Obama signs payroll tax cut extension
Baku, December 24 (AZERTAC). President Barack Obama signed a two-month extension of the payroll tax cut Friday, ending what had been a heated political stalemate and sealing a hard-fought win for Democrats on an issue -- taxes -- that has historically favored the GOP.
Earlier in the day, the measure cleared the Democratic-controlled Senate and the Republican-controlled House of Representatives by unanimous consent, a procedural move allowing the measure to pass even though most members of Congress were already home for the holidays.
"This is some good news just in the nick of time," Obama said shortly before departing the White House for Hawaii. But "we have a lot more work to do. This continues to be a make-or-break moment for the middle class in this country."
Among other things, the $33 billion bill also includes a two-month extension of emergency federal unemployment benefits and the so-called "doc fix," a delay in scheduled payment reductions to doctors who treat Medicare patients.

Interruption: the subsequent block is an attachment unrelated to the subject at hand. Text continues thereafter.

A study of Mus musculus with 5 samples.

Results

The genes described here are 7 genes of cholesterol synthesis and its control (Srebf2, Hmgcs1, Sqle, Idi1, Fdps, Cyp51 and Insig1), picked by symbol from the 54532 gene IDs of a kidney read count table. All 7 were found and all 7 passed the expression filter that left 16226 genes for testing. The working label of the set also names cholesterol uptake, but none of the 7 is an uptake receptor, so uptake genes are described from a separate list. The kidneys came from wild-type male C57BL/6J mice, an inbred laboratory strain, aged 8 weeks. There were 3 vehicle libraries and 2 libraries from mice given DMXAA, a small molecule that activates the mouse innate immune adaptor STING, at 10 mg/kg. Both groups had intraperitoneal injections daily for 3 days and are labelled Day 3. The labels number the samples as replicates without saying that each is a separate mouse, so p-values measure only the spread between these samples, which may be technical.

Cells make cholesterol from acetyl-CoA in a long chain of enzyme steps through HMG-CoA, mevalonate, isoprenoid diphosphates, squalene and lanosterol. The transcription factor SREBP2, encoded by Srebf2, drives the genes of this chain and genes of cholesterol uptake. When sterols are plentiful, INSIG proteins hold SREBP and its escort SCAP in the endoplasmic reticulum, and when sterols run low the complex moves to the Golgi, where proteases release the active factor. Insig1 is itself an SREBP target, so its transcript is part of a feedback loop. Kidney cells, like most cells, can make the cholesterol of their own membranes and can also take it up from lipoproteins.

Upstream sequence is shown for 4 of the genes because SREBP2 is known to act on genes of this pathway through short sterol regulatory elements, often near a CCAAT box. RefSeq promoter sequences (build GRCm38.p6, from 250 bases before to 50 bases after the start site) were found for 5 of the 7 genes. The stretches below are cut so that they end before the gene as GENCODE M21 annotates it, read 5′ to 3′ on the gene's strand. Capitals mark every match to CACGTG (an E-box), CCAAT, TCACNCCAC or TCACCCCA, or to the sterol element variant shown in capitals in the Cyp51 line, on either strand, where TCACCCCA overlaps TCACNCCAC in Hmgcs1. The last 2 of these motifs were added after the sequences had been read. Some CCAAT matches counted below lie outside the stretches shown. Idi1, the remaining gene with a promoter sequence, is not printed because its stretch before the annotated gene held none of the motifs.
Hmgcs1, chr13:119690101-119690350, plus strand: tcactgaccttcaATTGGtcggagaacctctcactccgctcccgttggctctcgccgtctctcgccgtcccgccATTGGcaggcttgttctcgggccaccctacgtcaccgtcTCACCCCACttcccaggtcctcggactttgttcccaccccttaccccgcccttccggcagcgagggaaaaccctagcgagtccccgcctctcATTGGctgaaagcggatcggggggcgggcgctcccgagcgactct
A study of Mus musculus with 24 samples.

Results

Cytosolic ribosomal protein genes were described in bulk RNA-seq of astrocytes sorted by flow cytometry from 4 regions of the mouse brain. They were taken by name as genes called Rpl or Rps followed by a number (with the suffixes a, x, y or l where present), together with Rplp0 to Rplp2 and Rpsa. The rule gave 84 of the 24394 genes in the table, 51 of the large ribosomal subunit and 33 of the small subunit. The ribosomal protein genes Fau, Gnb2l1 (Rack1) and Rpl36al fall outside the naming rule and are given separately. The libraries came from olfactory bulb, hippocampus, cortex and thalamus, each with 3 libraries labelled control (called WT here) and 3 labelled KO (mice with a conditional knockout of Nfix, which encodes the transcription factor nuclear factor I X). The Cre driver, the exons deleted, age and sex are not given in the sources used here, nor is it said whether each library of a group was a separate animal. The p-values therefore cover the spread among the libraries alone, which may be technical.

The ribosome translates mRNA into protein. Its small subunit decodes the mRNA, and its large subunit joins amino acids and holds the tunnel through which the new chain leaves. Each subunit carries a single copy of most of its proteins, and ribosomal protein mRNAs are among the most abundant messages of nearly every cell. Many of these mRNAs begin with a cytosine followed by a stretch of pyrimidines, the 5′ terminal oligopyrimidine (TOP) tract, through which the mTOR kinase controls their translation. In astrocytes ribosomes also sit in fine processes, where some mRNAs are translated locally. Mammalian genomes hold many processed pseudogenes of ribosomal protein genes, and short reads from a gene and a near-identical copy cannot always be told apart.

Congress will consider a longer extension of all three measures when it reconvenes in January.
Obama also signed a separate appropriations bill funding the government through September 2012, wrapping up a legislative year marked by repeated partisan brinksmanship and declining public approval of a seemingly dysfunctional Congress.
Political analysts believe the showdown over the payroll holiday extension has eroded Republican strength on the party`s core issue of lower taxes. While GOP leaders first questioned the merit of the tax holiday and then complained that a short-term extension would be more trouble than it`s worth, Obama used the standoff to portray the Republicans as defenders of the rich with a callous attitude toward the burdens of the middle class.
The episode also called into question Speaker John Boehner`s control over the House Republican caucus. The speaker, according to multiple accounts, initially favored the two-month extension, which had passed the Senate with an overwhelming bipartisan majority. He was then apparently forced to retreat from that position last weekend in the face of a tea party-fueled revolt in which freshman conservatives in particular demanded an immediate 12-month extension.